I’m driving through Wyoming, and the trip has gotten weird.
Four months ago my soon-to-be 21-year-old daughter’s cute-Ute second-generation Rav4 got rear-ended and totaled on I-70 west of Denver. Now I’m headed back to Colorado’s Front Range, this time in a larger, third-gen Rav4. The market’s better for buyers in the Salt Lake corridor, Utah’s Front Range equivalent. As I did three years prior, I flew over, hit the dealer by noon and the road an hour later. Depending upon the route—the longer, more scenic Colorado route, affording an apre-dinner swim/soak at Glenwood Hot Springs, or the shorter route across southern Wyoming—I arrive home either 15 or 18 hours later, having inaugurated the vehicle. After taking the Rav up to 95mph, I set the cruise control at 82 (the posted limit is 75).
Southern Wyoming means I-80, a trucker’s road. The drive has a unique rhythm: approach a tractor-trailer rig from behind, set blinker and pass left, reset blinker, slide right, repeat. Sometimes I pass strings of trucks coupled by their slipstreams. Invariably, they glimmer in all the headlights, as if their every surface has been polished.
I brought a few CDs along for the drive, including a 1994 Windham Hill sampler. The sampler contains 46 song excerpts from their catalog plus one or two full-length songs. Without exception, all I know of each artist and song is its CD snippet. The CD has its own overall shape, making it an “album” all its own.
Track 27 captures me; it’s mesmerizing. An instrumental augmented by a 16 bar vocalization in a language I cannot understand—if it’s a language at all; for all I know it’s simply a syllabled melody. As the excerpt fades, I discern it shift into what I’ve since learned is the entire balance of the tune; the vocalization appears only during this first minute.
Poking the reverse scan button, it played again. Again I poked reverse scan, this time attempting to force the playback into proper timing, as if the ditty were a perfectly timed 24 bar loop. I’m interested in about 54 seconds of this 60 section excerpt. I played fusion drumset for twenty years, and it didn’t take long for me to find the correct timing: on the 3rd 16th-note upbeat (counted one-ee-and-uh two-ee-and-uh-three-ee-and-UH) I’d depress the button with percussive physicality, the wrist-arm followthrough much like when crashing a cymbal—and the loop played in perfect tempo.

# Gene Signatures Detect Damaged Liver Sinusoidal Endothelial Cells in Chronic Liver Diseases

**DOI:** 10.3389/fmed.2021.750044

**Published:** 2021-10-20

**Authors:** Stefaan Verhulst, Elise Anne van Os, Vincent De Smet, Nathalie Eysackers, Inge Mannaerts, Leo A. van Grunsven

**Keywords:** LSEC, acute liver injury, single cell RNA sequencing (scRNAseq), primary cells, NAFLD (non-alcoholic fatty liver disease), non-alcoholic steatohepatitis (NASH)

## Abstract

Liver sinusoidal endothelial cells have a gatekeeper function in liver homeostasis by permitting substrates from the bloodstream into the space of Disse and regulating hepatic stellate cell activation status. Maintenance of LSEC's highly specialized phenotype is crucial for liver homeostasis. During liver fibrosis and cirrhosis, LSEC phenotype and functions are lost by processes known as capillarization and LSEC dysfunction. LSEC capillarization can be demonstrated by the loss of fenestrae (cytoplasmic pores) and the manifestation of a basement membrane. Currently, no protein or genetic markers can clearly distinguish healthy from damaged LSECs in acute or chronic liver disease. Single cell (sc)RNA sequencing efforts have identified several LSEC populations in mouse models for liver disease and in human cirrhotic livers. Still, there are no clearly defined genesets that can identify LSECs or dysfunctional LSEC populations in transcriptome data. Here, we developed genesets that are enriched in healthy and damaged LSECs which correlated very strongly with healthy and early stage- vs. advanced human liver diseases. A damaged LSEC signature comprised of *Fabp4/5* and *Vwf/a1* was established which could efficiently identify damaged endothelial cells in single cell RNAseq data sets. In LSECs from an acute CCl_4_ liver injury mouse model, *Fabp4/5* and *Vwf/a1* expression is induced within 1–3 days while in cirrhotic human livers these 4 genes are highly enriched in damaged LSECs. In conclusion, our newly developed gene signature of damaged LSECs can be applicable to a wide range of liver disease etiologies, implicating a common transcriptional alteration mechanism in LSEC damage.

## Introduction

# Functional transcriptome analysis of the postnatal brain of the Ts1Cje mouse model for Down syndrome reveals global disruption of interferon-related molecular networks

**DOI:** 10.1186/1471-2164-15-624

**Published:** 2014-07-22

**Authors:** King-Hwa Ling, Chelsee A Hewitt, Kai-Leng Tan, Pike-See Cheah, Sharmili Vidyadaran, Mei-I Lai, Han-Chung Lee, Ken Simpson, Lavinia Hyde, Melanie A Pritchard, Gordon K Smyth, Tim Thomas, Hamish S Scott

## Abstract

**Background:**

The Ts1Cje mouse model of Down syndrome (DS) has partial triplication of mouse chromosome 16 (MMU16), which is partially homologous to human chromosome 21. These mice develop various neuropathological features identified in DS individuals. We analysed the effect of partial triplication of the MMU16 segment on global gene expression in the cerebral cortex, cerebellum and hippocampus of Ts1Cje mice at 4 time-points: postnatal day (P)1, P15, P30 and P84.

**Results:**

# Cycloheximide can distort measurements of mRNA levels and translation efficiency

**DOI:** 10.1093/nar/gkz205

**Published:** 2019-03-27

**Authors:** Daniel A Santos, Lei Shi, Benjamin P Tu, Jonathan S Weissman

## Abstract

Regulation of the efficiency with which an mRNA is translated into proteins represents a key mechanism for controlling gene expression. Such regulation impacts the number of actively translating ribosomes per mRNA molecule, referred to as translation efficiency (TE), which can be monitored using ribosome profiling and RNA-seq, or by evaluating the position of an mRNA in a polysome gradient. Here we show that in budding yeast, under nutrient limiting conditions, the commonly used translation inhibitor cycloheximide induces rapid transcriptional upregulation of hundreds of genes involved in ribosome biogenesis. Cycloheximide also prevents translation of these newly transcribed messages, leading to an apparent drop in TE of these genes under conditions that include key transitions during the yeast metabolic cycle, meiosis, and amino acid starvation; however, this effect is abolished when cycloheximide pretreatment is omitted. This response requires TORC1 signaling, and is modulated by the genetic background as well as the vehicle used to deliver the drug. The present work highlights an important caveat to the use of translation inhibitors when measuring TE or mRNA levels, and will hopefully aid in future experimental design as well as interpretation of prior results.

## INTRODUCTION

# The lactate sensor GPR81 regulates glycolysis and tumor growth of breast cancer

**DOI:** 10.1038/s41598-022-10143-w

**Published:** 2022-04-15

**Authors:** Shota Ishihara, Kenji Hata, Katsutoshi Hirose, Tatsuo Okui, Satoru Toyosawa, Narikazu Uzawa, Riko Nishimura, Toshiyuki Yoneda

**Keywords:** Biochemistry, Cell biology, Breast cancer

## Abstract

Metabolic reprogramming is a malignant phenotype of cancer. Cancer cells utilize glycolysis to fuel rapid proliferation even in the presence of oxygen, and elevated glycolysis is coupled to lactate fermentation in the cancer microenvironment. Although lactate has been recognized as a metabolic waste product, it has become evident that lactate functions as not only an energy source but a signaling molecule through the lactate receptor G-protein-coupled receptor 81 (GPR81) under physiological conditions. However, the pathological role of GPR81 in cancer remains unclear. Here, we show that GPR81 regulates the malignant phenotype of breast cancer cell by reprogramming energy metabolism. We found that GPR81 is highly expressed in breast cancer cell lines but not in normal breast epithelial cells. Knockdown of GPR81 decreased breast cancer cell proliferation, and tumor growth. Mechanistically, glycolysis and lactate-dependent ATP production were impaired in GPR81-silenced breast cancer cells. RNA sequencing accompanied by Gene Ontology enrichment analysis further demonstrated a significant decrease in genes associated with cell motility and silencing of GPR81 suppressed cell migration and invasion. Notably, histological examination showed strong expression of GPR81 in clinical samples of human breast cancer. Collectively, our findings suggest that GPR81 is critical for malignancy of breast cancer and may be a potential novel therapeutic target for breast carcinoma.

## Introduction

For hours, around dozens of trucks, for hundreds of miles.
Now, I can’t leave things alone; I must make meaning of them. Since my parents died and my entry into patient advocacy, I often find my thoughts enmeshed in things related to all this. I tried to decipher the vocalization. Here’s what I made of it:
Oh, no no
I’m sure that this is not what’s enunciated. Since writing Notes from the Waiting Room: Managing a Loved One’s (End of Life) Hospitalization it takes very little for me to slip into ruminations about my parents’ demises and my subsequent patient-family advocacy work (a result of that existential harm I talk about). When zoning on cross-country drives this mindset takes over. (I have another metaphor for the mindset, but that’s an entirely different story.)
So what meaning do I make of my meaning? A continuum. A feminine continuum.
Be Nanny. My grandma. My mom, grandma to my daughter. My wife, grandma-to-be someday. My daughter, grandma when I’m long gone.
Nanny Nay Nay. Our role as patient advocates concerned with minimizing and mitigating risks to our hospitalized loved ones. Nanny, no matter our gender. Nay Nay; refusing to accept systemic shortcuts and shortcomings.
Oh, no no. Exactly what we think and feel time and again on the spur of every untoward moment.
Nannay. A hurt one’s lamenting, emphatic call for our involvement
Be—you know? We must be this role.
And so I kept at the repeat button, on the upmost upbeat, at full volume, for hours, and hundreds of miles. Anticipating the patient activist leadership summit at IHI.
The track is Sobre o Mar (Upon the Sea), from Paradise Station by Brazilian guitarist Torcuato Mariano, audio here. For those in the musical know and familiar with the coda to the Pat Methey Group’s Phase Dance (1978), Torcuato seems to be in conversation. PMG’s overlay with my mental musings around patient advocacy is yet another, more private story. [update: via an exchange with Torquato on MySpace I’ve learned that indeed the vocalizations are phonemes.]